I became a fan of Scott Cavan’s writing in the Star Wars adventures comics so when free copies of Shadow Service Issue #1 and later Vol 1 were offered in exchange for honest reviews I snapped up the chance. Many thanks to Adrian at Vault Comics and Jamie at Black Crow PR for these opportunities!
Physical abuse, violence, blood, gore, cannibalism.
Ok let’s be honest here, it’s an urban fantasy comic with a witch PI and a secret service organisation called MI666. How can you not want to read that??? The artwork previews that Cavan shares regularly on his Twitter just kept making me want to check this one out even more. Plus, as always anything based in London is a big plus to me.
Shadow Service doesn’t mess around. From the get-go, the reader is thrown into a world where it’s clear that the world is dark and unforgiving, and Gina Meyers had her eyes opened to it from a young age. Our protagonist isn’t a happy-go-lucky hippy granting wishes and giving out protections, nor is she looking for missing puppies or helping cats out of trees. Sure she has nothing against animals, in fact, she has a very good relationship with all types of wildlife, however, what I’m trying to say is that Gina’s a foul-mouthed 20-something brunette who curses harry-fucking-potter for having things so easy. She works as a PI primarily to get paid in a job that suits her abilities, and her altruism towards her clients appears to be more guided by her desire to prove to herself that she’s not a monster.
You see, Gina’s got some wicked dark powers that she only knows how to use because they come naturally to her. She has no idea where they came from, what they are or anything else for that matter. What she does know is that she’s powerful, dangerous and so extremely bloody scary that people run away from her. That leaves a girl with some major attitude and trust issues, so when MI66 (they’re actually called “Section 26” but no one, not even their own people call them that) she’s not sure what to believe, and that’s the intriguing thing about Shadow Service; there is no clear good or bad guys. At this point, four issues in, I’m not even sure if there are any good or bad guys. I think that there might just be grey, greyer and extremely murky. Also, in my experience, you never trust a supernatural entity who has chosen to inhabit the body of a child.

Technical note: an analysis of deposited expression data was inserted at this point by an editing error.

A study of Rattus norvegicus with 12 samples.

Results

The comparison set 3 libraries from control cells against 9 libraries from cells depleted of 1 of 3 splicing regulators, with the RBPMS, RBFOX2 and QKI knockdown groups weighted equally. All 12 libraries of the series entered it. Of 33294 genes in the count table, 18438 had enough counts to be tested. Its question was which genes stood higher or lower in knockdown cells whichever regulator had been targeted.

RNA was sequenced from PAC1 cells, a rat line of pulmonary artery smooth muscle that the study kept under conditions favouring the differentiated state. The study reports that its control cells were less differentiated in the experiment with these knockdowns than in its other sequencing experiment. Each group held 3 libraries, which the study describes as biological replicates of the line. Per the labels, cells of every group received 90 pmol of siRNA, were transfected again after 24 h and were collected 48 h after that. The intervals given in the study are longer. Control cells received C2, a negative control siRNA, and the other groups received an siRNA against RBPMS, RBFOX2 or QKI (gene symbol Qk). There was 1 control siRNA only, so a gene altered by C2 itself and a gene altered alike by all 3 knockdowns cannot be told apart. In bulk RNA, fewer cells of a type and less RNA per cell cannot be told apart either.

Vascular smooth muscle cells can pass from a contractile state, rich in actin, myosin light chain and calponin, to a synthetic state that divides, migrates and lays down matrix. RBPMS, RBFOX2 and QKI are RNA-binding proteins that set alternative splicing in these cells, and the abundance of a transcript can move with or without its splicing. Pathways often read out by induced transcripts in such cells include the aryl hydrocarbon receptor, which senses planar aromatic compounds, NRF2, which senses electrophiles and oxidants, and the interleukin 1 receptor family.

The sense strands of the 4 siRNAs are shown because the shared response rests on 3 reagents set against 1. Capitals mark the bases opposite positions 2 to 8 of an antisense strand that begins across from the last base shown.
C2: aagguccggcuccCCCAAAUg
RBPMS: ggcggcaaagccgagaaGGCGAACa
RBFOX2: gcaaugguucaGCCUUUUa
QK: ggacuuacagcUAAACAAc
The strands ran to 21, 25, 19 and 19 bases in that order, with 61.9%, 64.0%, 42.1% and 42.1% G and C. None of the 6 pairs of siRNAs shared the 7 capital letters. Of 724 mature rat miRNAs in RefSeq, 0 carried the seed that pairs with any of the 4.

The supernatural world that the reader is shown in this first volume of Shadow Service is deep, dark and vivid. Its imagination gone wild and a comic book is the perfect format for it. The art couple with Scott’s writing brings to life both the terrifying and the obscure, highlighted against the dank and wet streets of London. One thing I appreciated was that even amongst the panels of blood and guts the gore is just the right amount. It’s not over the top and it doesn’t detract from the rest of the scene, allowing you to take in everything including the characters expressions and the smallest of details.
Shadow Service Volume 1 will leave you craving more. Just who are MI666? What is their leader Hex and what is he up to? Will Gina ever fit in with the rest of the team? What is happening in London? And the most important question of all; who is Eddie the Rat really?!
Over to you
Thanks for reading my review for Shadow Service Vol. 1! I hope you enjoyed it and I’d love to hear your thoughts 🙂
Does Shadow Service sound like something you’d read?